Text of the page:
Facing relational issues head on

Published 10:21 am Thursday, March 1, 2018

For those of us who follow the liturgical calendar in our churches, we are in the midst of the 40 days of Lent. It’s a somber time, we are told. It’s a time to reflect on the sufferings of Jesus and give up something, or take on something. A lot of us use this time as an excuse to lose a little weight or get away from that bad habit that is plaguing us, which is all well and good, but Lent is not just a time for us to give up something that we should give up anyway. It’s a time to gain a deeper awareness of God, and the ways God is moving in our lives. It’s a time to put the focus on God a little more, and me a little less.

Of course that doesn’t mean we can’t give up on some things that keep us separated from each other. Psychotherapist Curt Thompson gives an interesting insight in the book “The Soul of Shame.” He was writing about the third chapter of Genesis — the part where the snake tempts Eve to eat the apple of the tree of the knowledge of good and evil. It’s always been a fascinating story for me — about how Eve and Adam take a chomp out of the apple from the one tree God told them to avoid, and then they spend all their energy blaming each other.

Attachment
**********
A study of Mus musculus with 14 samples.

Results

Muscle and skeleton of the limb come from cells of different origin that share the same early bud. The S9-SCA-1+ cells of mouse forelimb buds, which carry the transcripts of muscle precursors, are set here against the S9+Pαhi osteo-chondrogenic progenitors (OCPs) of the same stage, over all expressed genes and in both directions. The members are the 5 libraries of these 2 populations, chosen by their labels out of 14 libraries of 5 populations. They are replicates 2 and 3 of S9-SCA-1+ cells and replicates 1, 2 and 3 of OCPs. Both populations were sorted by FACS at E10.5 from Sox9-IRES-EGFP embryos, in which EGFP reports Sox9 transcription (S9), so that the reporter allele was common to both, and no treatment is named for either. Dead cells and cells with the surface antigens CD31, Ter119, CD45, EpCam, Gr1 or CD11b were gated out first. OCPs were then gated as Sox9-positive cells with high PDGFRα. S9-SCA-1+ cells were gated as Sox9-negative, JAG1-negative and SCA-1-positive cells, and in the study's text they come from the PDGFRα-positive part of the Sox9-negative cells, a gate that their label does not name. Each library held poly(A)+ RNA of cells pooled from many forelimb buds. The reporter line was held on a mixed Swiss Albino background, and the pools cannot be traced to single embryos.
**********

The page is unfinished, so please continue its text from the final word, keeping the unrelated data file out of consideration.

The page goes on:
But Thompson had another take on it. He said that when the snake tempted Eve, she could have talked to God. But instead Eve and the snake spent their time talking about God. Thompson pointed out that when shame — that nagging, pestering feeling that we are never good enough — pops up all we do is talk about someone, when maybe the best thing for us to do is to talk to or with them.


Talking with someone rather than talking about someone strengthens our relationship. But it also strengthens us. It brings God into the relationship rather than my desire to control.

May this Lent be a good time for us to let go of our desire to only talk about others. Instead may this be a good time to talk to them. It’s tougher, sure, but it is worth it.

REV. DR. TOM ROBINSON is pastor of Farmville Presbyterian Church. His email address if robin216@embarqmail.com.